Turkey’s military conducted air strikes in northern Iraq and staged several raids across the country this week in response to the attack, detaining dozens of suspects with alleged links to the outlawed Kurdistan Workers’ Party (PKK), listed as a “terrorist group” by Turkey and its Western allies.
The Turkish government convened a national security meeting on Wednesday to prepare its response to Sunday’s attack.
Turkish police shot dead one of the attackers while the other died in an apparent suicide blast outside the Ministry of the Interior. Two policemen were injured.
Foreign Minister Hakan Fidan on Wednesday stated the attackers had entered Turkey through Syria and received training there, adding that the Turkish response would be “very precise”.
“All infrastructure, superstructure and energy facilities that belong to the PKK and the YPG, especially in Iraq and Syria, are legitimate targets of our security forces, armed forces and intelligence units from now on,” he added.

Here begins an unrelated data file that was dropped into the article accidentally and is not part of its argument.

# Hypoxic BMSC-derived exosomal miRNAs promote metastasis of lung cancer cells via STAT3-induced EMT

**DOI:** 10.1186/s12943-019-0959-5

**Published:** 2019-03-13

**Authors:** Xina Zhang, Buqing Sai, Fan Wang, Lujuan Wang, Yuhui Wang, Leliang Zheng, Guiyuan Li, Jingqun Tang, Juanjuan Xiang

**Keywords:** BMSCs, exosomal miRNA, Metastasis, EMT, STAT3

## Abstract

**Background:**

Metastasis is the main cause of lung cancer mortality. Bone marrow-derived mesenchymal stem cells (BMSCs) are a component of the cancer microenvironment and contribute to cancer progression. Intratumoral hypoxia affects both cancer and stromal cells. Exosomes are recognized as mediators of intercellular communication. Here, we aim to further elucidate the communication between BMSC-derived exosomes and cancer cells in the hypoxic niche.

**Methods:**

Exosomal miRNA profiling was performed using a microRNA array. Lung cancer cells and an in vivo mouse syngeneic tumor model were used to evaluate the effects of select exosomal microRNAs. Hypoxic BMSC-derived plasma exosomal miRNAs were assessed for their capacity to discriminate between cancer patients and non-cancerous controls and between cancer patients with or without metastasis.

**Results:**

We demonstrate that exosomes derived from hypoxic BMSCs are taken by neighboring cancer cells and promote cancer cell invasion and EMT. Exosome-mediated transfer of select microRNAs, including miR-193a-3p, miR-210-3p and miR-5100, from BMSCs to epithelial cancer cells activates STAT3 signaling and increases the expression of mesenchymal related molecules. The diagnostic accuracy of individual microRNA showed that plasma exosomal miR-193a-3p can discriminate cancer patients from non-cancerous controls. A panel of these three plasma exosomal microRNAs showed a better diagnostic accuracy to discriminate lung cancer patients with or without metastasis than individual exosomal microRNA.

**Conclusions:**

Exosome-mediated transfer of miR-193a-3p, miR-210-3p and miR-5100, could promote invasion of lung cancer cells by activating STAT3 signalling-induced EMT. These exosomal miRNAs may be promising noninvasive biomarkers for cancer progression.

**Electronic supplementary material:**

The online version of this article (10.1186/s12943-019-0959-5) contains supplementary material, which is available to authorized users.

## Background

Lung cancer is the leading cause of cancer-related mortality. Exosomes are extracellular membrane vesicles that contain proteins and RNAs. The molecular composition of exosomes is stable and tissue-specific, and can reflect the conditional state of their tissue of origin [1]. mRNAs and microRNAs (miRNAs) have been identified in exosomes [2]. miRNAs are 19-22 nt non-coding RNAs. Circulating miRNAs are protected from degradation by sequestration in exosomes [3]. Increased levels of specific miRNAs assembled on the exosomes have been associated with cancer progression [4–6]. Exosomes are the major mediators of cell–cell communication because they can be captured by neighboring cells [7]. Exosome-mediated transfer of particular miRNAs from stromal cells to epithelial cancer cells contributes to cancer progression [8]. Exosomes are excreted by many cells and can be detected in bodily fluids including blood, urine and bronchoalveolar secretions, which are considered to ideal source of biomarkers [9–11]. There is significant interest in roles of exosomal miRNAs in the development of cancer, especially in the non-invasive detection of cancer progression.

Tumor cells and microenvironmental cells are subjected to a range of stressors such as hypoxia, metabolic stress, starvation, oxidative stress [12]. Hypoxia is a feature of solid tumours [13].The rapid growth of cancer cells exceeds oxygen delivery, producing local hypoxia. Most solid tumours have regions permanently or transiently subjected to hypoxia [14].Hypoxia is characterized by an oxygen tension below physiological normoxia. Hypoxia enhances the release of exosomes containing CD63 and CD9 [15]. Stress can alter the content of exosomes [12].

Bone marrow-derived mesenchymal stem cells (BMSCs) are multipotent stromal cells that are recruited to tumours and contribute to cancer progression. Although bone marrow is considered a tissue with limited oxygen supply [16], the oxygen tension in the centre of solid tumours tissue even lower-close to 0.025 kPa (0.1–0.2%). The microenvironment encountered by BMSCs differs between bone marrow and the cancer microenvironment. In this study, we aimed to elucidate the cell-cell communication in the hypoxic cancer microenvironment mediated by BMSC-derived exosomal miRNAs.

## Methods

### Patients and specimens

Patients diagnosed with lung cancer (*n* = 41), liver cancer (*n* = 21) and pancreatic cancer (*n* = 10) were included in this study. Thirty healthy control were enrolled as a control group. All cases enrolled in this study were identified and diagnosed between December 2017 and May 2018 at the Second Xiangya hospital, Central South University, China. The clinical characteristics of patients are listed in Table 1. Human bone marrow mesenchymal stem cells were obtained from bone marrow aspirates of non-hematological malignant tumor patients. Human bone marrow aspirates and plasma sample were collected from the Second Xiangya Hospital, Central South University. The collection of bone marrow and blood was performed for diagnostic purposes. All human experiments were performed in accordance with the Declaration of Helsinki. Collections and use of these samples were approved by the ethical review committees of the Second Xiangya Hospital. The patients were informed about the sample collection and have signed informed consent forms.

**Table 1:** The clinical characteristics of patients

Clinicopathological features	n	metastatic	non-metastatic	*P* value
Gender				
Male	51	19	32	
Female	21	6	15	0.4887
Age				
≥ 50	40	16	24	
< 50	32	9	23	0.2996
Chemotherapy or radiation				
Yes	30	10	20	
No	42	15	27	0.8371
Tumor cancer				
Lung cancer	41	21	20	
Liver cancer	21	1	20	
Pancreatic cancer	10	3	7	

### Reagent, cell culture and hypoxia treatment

Turkey has carried out cross-border incursions into northern Syria in recent years, targeting the YPG militia, which it sees as an affiliate of the PKK, which is now based in northern Iraq.
The YPG is also a key ally of the United States-led coalition fighting Daesh. Support for the YPG by the US and other allies, including France, has strained ties with Ankara.
“I recommend from here that third parties stay away from the facilities and people belonging to the PKK and the YPG,” Fidan said in an apparent reference to US, Russian and French troops in the region.
Iraqi Defence Minister Thabet al-Abbasi arrived in Ankara on Wednesday, Iraqi state news agency (INA) reported, and Turkish media added he would meet his Turkish counterpart, Yasar Guler. Iraq has denounced Ankara’s air strikes this week, and has repeatedly expressed public opposition to the Turkish military presence in the country.